Australia’s lagging housing market was bolstered by a jump in multi-unit home sales in the June quarter, but experts say the increase is not enough to offset the ongoing downward pressure sustained in the industry. The Housing Industry Association reported a 30.8% gain in sales in the multi-unit sector over the quarter and 15.7% jump from the previous month, but that still leaves sales 36% off the 10-year average. The overall average was weighted down by dismal detached-home sales, which saw only a 0.7% increase for the month and puts the 2012 totals at or near recessionary levels. For more on this continue reading the following article from Property Wire.
New home sales increased for a second consecutive month in June 2012 due to a spurt in multi units, said the Housing Industry Association, the voice of Australia’s residential building industry.
The HIA New Home Sales report, a survey of Australia’s largest volume builders, showed a rise of 2.8% last month due to a 15.7% jump in the sales of multi units.
However it said that detached house sales continued their disappointing run in 2012, growing by only 0.7% in June following a decline of 2% in May.
‘It is encouraging to see a second consecutive jump in the sale of multi units. Sales were up by 30.8% over the June 2012 quarter. It is, however, a stark reminder of how much catching up is left in the multi unit sector when a lift of this magnitude still leaves sales volumes 36% below their ten year average,’ said HIA chief economist Harley Dale.
Over the June 2012 quarter detached house sales fell by 1.1% and are now 24.5% lower than the volume for the June 2011 quarter. ‘That’s a concerning update which sees detached house sales running at an annualised level 35% lower than the ten year average and 44 below the long term history of the series,’ added Dale.
He expects lower interest rates to assist new housing in 2012/13, but the large gap between the cash rate and variable mortgage rates will blunt their positive impact. ‘Investment and reform from governments is the key ingredient to lifting the new housing sector substantially above the recessionary levels of 2012. State governments have a crucial role to play, as do local governments, but it is the Federal government that needs to act first and lead by example,’ he explained.
In June 2012 the number of seasonally adjusted new detached house sales increased by 2% in New South Wales, 4.4% in South Australia, and 23.5% in Western Australia. Detached house sales fell by 9.6% in Victoria and by 11% in Queensland.
Over the June 2012 quarter detached house sales fell in New South Wales by 6.2%, in Queensland by 21.1% and in South Australia by 8.3%. Detached house sales increased by 9.8% in Victoria due to a final burst from first time buyers in April and May ahead of the ending of the state boost.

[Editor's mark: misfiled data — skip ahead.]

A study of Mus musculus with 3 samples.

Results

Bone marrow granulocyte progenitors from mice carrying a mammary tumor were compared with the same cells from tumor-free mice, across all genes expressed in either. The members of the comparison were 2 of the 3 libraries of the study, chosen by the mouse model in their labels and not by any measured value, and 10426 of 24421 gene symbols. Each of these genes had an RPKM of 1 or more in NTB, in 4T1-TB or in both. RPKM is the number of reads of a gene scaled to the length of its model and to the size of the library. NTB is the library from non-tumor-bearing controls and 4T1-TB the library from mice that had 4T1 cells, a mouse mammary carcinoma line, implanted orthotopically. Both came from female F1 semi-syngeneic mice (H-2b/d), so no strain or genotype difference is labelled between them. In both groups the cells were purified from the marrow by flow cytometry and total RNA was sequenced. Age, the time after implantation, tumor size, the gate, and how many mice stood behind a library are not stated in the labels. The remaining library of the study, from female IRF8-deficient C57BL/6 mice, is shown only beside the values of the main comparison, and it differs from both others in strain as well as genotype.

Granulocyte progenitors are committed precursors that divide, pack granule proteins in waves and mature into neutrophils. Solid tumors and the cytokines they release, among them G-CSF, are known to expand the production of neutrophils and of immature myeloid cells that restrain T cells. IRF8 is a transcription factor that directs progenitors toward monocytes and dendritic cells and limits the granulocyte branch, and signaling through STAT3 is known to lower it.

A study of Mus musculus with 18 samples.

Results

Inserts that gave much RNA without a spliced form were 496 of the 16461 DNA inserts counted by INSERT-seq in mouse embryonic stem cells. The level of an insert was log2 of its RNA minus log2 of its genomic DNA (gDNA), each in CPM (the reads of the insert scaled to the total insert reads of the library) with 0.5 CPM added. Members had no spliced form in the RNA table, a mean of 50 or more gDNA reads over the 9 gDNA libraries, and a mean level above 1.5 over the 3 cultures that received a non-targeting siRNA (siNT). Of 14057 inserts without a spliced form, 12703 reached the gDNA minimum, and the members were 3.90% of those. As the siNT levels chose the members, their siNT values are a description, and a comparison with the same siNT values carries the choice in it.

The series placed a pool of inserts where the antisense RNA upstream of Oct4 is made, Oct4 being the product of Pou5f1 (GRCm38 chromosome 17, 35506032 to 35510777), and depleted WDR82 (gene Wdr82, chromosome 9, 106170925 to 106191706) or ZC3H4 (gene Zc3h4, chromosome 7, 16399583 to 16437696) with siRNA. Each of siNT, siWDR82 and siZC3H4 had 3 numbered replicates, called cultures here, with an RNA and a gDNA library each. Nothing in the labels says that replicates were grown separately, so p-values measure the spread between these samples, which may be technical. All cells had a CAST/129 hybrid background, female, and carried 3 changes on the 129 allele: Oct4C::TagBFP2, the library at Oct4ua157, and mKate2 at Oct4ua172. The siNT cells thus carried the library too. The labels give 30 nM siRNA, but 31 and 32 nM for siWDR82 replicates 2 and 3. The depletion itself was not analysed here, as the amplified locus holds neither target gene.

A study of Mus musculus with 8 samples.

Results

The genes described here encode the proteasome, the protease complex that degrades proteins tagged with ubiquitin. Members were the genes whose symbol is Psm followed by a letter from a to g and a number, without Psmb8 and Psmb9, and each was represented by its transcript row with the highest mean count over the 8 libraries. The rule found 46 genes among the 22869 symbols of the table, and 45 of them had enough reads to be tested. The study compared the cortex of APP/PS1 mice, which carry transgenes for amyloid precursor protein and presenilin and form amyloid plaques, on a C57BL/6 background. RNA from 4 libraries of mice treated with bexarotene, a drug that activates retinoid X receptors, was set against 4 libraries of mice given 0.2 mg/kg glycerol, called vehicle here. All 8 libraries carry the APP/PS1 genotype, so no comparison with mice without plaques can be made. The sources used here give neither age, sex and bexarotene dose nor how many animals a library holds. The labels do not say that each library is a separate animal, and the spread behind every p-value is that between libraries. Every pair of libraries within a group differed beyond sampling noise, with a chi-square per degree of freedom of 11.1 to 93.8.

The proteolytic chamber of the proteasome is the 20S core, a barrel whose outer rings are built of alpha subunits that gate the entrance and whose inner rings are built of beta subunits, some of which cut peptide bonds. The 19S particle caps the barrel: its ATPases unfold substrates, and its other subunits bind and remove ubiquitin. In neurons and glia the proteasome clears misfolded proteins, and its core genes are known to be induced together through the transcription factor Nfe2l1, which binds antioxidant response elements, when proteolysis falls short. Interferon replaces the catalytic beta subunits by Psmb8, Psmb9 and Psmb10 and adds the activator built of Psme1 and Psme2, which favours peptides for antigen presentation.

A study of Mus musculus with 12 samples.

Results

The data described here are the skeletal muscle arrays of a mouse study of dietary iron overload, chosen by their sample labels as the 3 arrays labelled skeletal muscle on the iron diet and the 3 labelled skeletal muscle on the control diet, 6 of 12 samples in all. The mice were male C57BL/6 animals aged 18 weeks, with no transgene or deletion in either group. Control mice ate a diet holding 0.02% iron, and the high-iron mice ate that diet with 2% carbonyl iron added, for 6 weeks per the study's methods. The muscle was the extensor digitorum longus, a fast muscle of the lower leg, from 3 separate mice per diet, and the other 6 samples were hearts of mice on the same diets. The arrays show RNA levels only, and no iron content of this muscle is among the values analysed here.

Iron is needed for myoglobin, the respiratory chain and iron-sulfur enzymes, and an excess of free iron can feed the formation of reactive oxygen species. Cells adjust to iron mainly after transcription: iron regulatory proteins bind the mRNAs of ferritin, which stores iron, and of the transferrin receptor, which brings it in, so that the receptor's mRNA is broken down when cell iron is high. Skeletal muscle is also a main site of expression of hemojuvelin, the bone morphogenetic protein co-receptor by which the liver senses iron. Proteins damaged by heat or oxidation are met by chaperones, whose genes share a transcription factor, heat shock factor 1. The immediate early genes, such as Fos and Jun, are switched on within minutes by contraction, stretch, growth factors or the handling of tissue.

In Western Australia detached house sales increased by 9.3% over the June quarter, but problems with the building act means this improvement will not translate into construction activity any time soon.
The HIS also said that building approvals fell only modestly in June 2012 following a strong increase in May. Dale said that the decline of 2.5% in total seasonally adjusted building approvals in June 2012 looks modest in the context of the 27% jump which occurred the previous month.
‘Furthermore, the headline result reflects the sharp decline now underway in Victoria, with building approvals increasing in June in every other state and territory. Building approvals increased in the June 2012 quarter and this improvement is driven by a relatively healthy rebound in other dwellings. The concerning factor is that this recovery masks on-going deterioration in the core detached house segment of the new home building market,’ explained Dale.
‘Housing starts are back at recessionary levels in 2012. It is vital to see evidence of a broad based recovery in building approvals and that is simply not the case at present,’ he added.
Detached house approvals fell by 6.2% in the June 2012 quarter and by 10.2% last financial year to reach their lowest level in over a decade. The trend decline in detached house approvals now extends to 30 consecutive months.
‘That situation makes the case for government investment in new housing and reform of the excessive and inefficient levels of taxation on the sector all the more compelling,’ Dale said.
In June 2012 total seasonally adjusted building approvals fell by 14.6% in Victoria but increased by 7.7% in New South Wales, by 18% in Queensland, by 4.2% in South Australia, by 28.9% in Western Australia, and by 9.3% in Tasmania. In trend terms, total approvals rose by 7.1% in the Northern Territory and by 9.1% in the Australian Capital Territory.
This article was republished with permmission from Property Wire.